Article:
Gotta run? Take these healthy snacks with you. These make-ahead and no-cook recipes travel well and are perfect for the office fridge or your desk drawer.
A nice break from nuts, edamame give this unconventional trail mix a satisfying crunch. For a shortcut, substitute 3/4 cup store-bought roasted edamame for the homemade.
Make this crunchy snack at home over the weekend, pack it in an airtight container, and munch on a handful whenever cravings strike.
Soak 1 cup dried yellow split peas in 3 cups water for 4 1/2 hours. Drain and pat dry. Over medium-high heat, coat a large skillet with oil. Add half the peas; cook, stirring frequently, until golden brown and crunchy, 6 to 10 minutes. Season with salt. Repeat with remaining peas. Makes 12 servings (55 calories each).
The seeds scooped from a pumpkin, also known as pepitas, offer plenty of protein and magnesium, and 1/4 cup delivers a third of your daily requirement of immunity-protecting zinc. They are sold with or without their white shells.
For a tasty snack, rinse pepitas well, making sure to remove any pulp from the pumpkin. Let them dry overnight. Spread the seeds onto a baking sheet sprayed lightly with olive oil, and sprinkle with salt, pepper, garlic, paprika, or other seasonings. Cook for one hour at 250 degrees (125 calories for 1 ounce, or about 85 seeds).
Soybeans served still in their shells, also known as edamame, are a protein-rich snack. Steam them at home, then stash them in the fridge and eat them cold -- or reheat them in a microwave. Sprinkle coarse salt on top for a crunchy burst of flavor. Makes 4 servings (70 calories each).
Prepare this snack in the morning while you're making tea and getting ready for your day, and pack it in a reusable container. Come afternoon, you'll be glad for the energy boost it can provide.
Cover eggs with cold water by 1 inch. Bring water to a boil. Keep covered and remove from heat. Let stand 13 minutes. Drain and run under cold water. To spice it up, cut the egg in half and top with a dash of salt mixed with paprika; pepper and lemon zest; or chili flakes. One large egg is 1 serving (78 calories).
Although these pickles take two days to make, once canned they're the perfect portable snack. They'll stay stable and high-quality for at least a year; when you're ready to indulge, take them to the office and share the wealth with coworkers. (Just be sure to refrigerate them after opening.) Makes 3 quarts (about 15 calories for one large pickle).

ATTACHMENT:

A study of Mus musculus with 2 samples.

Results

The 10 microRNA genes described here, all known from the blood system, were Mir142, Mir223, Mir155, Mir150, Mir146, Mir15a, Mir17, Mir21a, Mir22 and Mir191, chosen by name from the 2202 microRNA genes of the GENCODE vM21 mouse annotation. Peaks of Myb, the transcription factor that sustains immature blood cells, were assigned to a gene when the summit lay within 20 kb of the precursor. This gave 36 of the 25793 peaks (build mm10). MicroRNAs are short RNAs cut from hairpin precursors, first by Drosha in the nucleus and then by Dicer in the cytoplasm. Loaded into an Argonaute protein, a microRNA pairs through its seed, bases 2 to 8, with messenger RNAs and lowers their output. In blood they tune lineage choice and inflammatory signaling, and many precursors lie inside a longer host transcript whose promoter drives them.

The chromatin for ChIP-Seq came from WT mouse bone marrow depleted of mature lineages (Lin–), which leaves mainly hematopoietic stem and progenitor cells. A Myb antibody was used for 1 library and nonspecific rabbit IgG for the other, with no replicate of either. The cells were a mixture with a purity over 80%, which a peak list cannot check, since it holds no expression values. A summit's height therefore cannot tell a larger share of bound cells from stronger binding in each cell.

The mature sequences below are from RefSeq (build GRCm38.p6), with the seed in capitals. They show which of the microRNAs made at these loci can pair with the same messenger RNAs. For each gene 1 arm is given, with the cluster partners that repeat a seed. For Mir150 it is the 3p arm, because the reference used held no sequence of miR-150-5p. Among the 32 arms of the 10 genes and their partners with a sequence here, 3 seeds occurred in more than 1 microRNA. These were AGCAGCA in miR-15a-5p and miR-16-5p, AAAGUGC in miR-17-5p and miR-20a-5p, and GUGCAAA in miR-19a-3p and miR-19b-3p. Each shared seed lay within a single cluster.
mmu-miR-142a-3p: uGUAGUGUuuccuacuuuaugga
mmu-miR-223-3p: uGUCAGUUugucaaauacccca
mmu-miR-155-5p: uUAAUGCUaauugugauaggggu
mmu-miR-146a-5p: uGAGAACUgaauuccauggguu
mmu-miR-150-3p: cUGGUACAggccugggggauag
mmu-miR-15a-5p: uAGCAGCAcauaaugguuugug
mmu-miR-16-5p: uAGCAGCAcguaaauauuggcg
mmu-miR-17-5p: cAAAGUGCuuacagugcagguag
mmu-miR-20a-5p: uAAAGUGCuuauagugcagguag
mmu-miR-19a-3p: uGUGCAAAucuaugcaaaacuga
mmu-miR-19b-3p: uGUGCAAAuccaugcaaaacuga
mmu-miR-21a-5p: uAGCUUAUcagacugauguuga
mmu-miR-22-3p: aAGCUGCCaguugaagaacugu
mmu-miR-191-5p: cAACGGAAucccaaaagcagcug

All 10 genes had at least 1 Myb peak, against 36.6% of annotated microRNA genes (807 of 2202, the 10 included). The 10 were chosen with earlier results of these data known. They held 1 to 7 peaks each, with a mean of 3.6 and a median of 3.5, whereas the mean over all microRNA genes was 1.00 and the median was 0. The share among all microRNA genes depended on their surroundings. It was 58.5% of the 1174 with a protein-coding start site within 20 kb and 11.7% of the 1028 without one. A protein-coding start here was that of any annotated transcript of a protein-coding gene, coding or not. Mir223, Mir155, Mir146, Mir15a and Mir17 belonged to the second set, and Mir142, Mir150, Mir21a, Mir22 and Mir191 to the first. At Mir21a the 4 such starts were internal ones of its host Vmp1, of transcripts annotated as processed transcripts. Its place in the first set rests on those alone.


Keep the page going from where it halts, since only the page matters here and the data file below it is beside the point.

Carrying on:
These easy recipes and simple food pairings, all under 200 calories, are great for an afternoon snack, an appetizer platter, or a satisfying side dish.
Sweet potatoes' orange glow gives away their beta-carotene content. By serving this dip with whole-wheat pita and raw vegetables such as red peppers and broccoli, you also get selenium, vitamin C, and sulforaphane. Makes 4 cups (56 calories per serving).
Mix 3 cups whole nuts with 1/4 cup each flaxseeds, quinoa, and sunflower seeds (bottom left in photo). In a separate bowl, whisk 2 egg whites with 2 tablespoons honey, 1 1/2 teaspoons coarse salt, and 1/4 teaspoon each cayenne, cumin, and cinnamon. Toss with nut mix. Spread in a single layer on a baking sheet; bake at 325 degrees until dry, stirring occasionally, about 30 minutes. Scrape from pan while cooling, to avoid sticking. Makes 16 servings (178 calories each).
Intensely flavored almond flour stands in for wheat and gives these gluten-free poppy crackers a buttery crispness, along with a measure of protein, calcium, vitamin E, and folic acid. Makes 12 crackers (130 calories each).
Pack this parfait in the morning and enjoy breakfast on-the-go or a sweet afternoon snack.
In a small jar, layer 1/2 cup fruit cut into 1/2-inch cubes (kiwis, mangos, and pineapples are nice) with 1/4 cup plain low-fat yogurt. Top with 1 tablespoon toasted sliced almonds. Makes 1 serving (100 calories each).